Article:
FCC LogoAccording to the Fifth Report and Order released in March, the FCC has started dismissing backlogged translator station applications based non ational and local caps. In that Order the FCC established caps for the number of applications a single applicant could pursue in a given market, and nationwide, in order to ensure open frequencies are left for low power FM community stations.

Translator applicants were given the opportunity to select which applications they wished to pursue–provided the total number of applications fell under the market and nationwide caps. Applications that were not selected were targeted for dismissal.

On Tuesday the FCC dismissed a whopping 3,000 applications for translators that the applicants either chose not to pursue, or those from applicants that failed to submit their selections. The Commission will be dismissing an unspecified number of additional applications that omitted necessary information, failed to meet other filing requirements or still exceed the caps.

Translator stations are low power repeater stations which may only rebroadcast the signal of a full-power station. They have been permitted to operate in close proximity on the dial to other stations in a manner that LPFM stations were only recently authorized for.

REC Networks has compiled a list of the translator applicants who had their applications dismissed. Not surprisingly, some of the biggest operators and traffickers of translator licenses had the most dismissals, too. Radio Assist Ministry led the pack with 729 dismissals, while Edgewater Broadcasting came in second, with 565 dismissals. Both applicants were masterminded by Clark Parrish who applied for more than 4,000 non-commercial translators during the last application window nearly a decade ago. It is estimated that Edgewater and Radio Assist made more than $800,000 selling off construction permits for the applications that were approved. Do note that these were all non-commercial permits that did not cost a dime from the FCC.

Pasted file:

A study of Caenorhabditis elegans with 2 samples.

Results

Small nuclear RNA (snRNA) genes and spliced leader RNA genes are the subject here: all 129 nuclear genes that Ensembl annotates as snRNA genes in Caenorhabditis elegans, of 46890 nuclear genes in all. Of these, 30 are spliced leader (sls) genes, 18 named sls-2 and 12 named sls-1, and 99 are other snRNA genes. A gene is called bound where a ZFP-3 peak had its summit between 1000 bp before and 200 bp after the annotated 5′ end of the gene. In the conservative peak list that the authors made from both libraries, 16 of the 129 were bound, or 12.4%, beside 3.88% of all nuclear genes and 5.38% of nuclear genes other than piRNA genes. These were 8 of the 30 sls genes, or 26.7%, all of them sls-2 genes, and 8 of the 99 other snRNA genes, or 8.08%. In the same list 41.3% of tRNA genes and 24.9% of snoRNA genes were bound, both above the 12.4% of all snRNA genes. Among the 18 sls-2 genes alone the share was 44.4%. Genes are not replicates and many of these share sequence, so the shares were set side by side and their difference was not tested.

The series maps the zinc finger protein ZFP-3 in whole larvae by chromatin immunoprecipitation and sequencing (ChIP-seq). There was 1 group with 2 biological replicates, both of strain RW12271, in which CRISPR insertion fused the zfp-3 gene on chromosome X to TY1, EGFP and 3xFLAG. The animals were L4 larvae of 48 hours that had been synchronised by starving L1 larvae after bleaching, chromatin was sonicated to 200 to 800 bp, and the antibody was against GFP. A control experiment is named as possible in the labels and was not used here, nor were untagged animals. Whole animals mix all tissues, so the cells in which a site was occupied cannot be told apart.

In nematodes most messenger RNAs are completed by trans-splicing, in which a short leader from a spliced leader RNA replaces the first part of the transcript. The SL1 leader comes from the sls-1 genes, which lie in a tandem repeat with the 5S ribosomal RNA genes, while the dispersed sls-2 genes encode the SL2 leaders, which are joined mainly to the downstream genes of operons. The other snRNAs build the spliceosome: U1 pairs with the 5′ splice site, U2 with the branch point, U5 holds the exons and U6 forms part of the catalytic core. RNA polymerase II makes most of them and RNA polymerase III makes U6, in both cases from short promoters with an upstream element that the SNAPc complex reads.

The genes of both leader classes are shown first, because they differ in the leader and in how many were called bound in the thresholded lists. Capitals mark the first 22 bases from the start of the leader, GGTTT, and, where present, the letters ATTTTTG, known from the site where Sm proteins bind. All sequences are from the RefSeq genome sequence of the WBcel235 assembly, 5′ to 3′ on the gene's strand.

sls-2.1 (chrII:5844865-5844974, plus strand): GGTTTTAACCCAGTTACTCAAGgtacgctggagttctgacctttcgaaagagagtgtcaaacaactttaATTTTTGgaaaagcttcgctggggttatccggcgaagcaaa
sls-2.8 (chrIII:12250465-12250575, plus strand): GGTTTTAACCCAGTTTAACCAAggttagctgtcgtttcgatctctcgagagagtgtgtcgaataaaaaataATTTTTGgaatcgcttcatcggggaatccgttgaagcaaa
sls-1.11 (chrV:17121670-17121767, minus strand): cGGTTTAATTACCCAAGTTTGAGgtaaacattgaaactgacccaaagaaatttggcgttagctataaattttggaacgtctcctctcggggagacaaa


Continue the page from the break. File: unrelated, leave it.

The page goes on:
Roughly 3,000 translator applications now remain for the FCC to sort through. Since some of these are competing for the same frequencies, this does not mean there are 3,000 new translators to be licensed. But there still we be quite a few. After that, the Commission will be ready to open up the filing window for new LPFMs, currently scheduled for October.